Stephen Strasburg tossed seven scoreless against the New York Mets this past Monday, holding Washington’s divisional rivals to two hits, and three walks, in a 105-pitch effort in what ended up a 3-2 in which he received no decision.
The outing extended a five-start unbeaten streak for the 28-year-old righty, who had avoided a loss over that stretch in spite of the fact that he hadn’t been particularly sharp.
In those five starts, the ‘09 No. 1 overall pick was (2-0) with the Nationals 4-1 in his outings, over which the eight-year veteran had put up a 4.60 ERA, nine walks (2.76 BB/9), 39 Ks (11.97 K/9), and a .245/.315/.427 line against in 29 1⁄3 innings pitched.
Dusty Baker talked after the start against New York about Strasburg’s curveball being effective.
He threw 37 times, according to Brooks Baseball, for 29 strikes (78.4%) generating 18 swings, six swinging strikes, and 23 strikes that weren’t put in play.
“He had an outstanding breaking ball,” Baker said, “... and with the left-hand hitters over there he threw them some great breaking balls, and he kept us in the game.”
Heading into today’s outing, in his final start before the All-Star Break, and his third All-Star appearance, opposing hitters had a .147 AVG against Strasburg’s curve, a .141 AVG against his changeup, and a .254 AVG against his four-seamer.
Strasburg started the day with a 3.28 ERA, a 3.09 FIP, 31 walks (2.54 BB/9), 128 Ks (10.50 K/9), and a .211/.274/.356 line against in 109 2⁄3 IP.
“He’s been excellent at times, good at times, and fair at times,” Nationals’ skipper Dusty Baker told reporters before today’s game.
“But he and the team have a way of winning when he’s on the mound. Shoot, what is he 9-2? You can’t argue with that, and the important thing is how the team responds behind him.”
Baker also remarked that Strasburg had, on a few occasions, managed to “spit the hook”, which, he explained, “... means that the team bailed him out and he didn’t get the loss,” but the Nationals weren’t able to do that today.
After falling behind early, the Nationals lost big, and were shut out for the first time in 87 games this season.
The trouble started early for Strasburg.
A well-placed, spinning pop to left by Nick Markakis, and two well-placed RBI singles by Kurt Suzuki and Julio Teheran put the Braves up 2-0 in the third of four in the nation’s capital between the NL East rivals.
The Braves added two more on RBI singles by Matt Kemp and Suzuki in the third, 4-0, and Teheran hit a two-run single to center to make it 6-0 after two and a half, and Strasburg, who took a liner off the hip from Markakis in the third, did not come back out for the fourth.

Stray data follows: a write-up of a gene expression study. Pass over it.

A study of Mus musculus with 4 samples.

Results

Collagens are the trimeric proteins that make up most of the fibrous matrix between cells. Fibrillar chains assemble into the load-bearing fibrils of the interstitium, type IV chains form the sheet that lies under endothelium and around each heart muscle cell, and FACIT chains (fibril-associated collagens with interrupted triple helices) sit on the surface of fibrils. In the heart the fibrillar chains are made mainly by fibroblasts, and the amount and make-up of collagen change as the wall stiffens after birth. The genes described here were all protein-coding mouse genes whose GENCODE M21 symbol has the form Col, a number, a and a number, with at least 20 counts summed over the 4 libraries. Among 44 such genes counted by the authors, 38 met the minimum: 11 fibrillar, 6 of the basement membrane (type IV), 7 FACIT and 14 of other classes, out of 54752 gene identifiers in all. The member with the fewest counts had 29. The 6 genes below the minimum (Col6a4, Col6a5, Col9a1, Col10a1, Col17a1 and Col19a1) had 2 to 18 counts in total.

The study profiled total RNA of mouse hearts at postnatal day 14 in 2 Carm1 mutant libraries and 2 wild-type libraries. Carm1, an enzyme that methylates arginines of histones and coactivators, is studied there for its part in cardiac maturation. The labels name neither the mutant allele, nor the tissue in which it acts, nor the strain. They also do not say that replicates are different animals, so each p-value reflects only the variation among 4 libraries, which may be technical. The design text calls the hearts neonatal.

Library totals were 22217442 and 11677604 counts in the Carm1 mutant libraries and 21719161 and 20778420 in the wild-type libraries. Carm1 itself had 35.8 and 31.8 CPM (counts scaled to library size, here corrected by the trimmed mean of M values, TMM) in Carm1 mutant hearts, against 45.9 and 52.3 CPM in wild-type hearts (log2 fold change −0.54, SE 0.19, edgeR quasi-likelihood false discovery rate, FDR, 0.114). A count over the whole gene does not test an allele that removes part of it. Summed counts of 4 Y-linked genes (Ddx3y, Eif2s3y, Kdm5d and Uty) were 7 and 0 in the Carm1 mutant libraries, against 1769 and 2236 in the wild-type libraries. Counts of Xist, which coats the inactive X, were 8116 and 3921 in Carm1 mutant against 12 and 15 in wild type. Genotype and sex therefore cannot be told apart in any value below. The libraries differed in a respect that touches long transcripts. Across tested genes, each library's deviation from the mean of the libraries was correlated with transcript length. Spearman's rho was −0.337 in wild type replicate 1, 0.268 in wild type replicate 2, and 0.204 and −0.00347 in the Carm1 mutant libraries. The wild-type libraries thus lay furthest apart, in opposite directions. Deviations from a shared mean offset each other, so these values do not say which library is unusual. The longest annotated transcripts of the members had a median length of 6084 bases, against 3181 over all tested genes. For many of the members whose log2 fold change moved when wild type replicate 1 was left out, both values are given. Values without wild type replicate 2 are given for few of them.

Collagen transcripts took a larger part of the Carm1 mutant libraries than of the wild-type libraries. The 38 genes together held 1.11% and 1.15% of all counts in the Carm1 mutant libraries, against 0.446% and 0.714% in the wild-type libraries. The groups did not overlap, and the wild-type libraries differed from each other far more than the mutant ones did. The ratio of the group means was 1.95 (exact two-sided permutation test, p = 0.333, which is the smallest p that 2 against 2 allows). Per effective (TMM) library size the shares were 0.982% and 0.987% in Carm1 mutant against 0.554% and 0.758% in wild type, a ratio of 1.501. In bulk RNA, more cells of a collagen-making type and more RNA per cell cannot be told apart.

Stephen Strasburg’s Line: 3.0 IP, 7 H, 6 R, 3 ER, 2 BB, 65 P, 42 S, 5/2 GO/FO.
“The ball hit him on the bone on the side of his leg,” Baker explained when he talked to reporters after the loss. “So he was coming out mainly because he was hurting, but what hurt were — early in the game was — Suzuki with those key hits and Teheran with those key hits. They had driven in four out of the first five runs, the bottom of the order, [Johan] Carmago had gotten a couple walks.”
“Bad luck, to be honest,” Strasburg said, when asked about the hits he allowed in his shortest start of the season so far.
“Other than [Freddie] Freeman and Markakis they really just weren’t really squaring the ball up, but I just got singled to death.”
Baker said he wasn’t yet sure if the liner off Strasburg’s hip would be a problem beyond today.
“I don’t know,” he said.
“I haven’t talked to the trainers, but it hit him in a spot that he should be alright. I don’t know if they’re going to have X-rays or anything, I haven’t talked to the trainer about it or talked to Stras.”
Strasburg didn’t seem to have any concerns.
“I feel fine. I mean, I definitely could have kept going, but just got singled to death.”
Asked if he thought the hip would be a problem beyond today, he said simply, “No.”
He didn’t, however, lobby to stay in the game beyond the third, though he said it was not because he was hurt.
“I know some guys want to lobby for it, but I feel like that’s their decision and I’m going to keep going until they take the ball out of my hands and that’s when they decided to take it out of my hands.”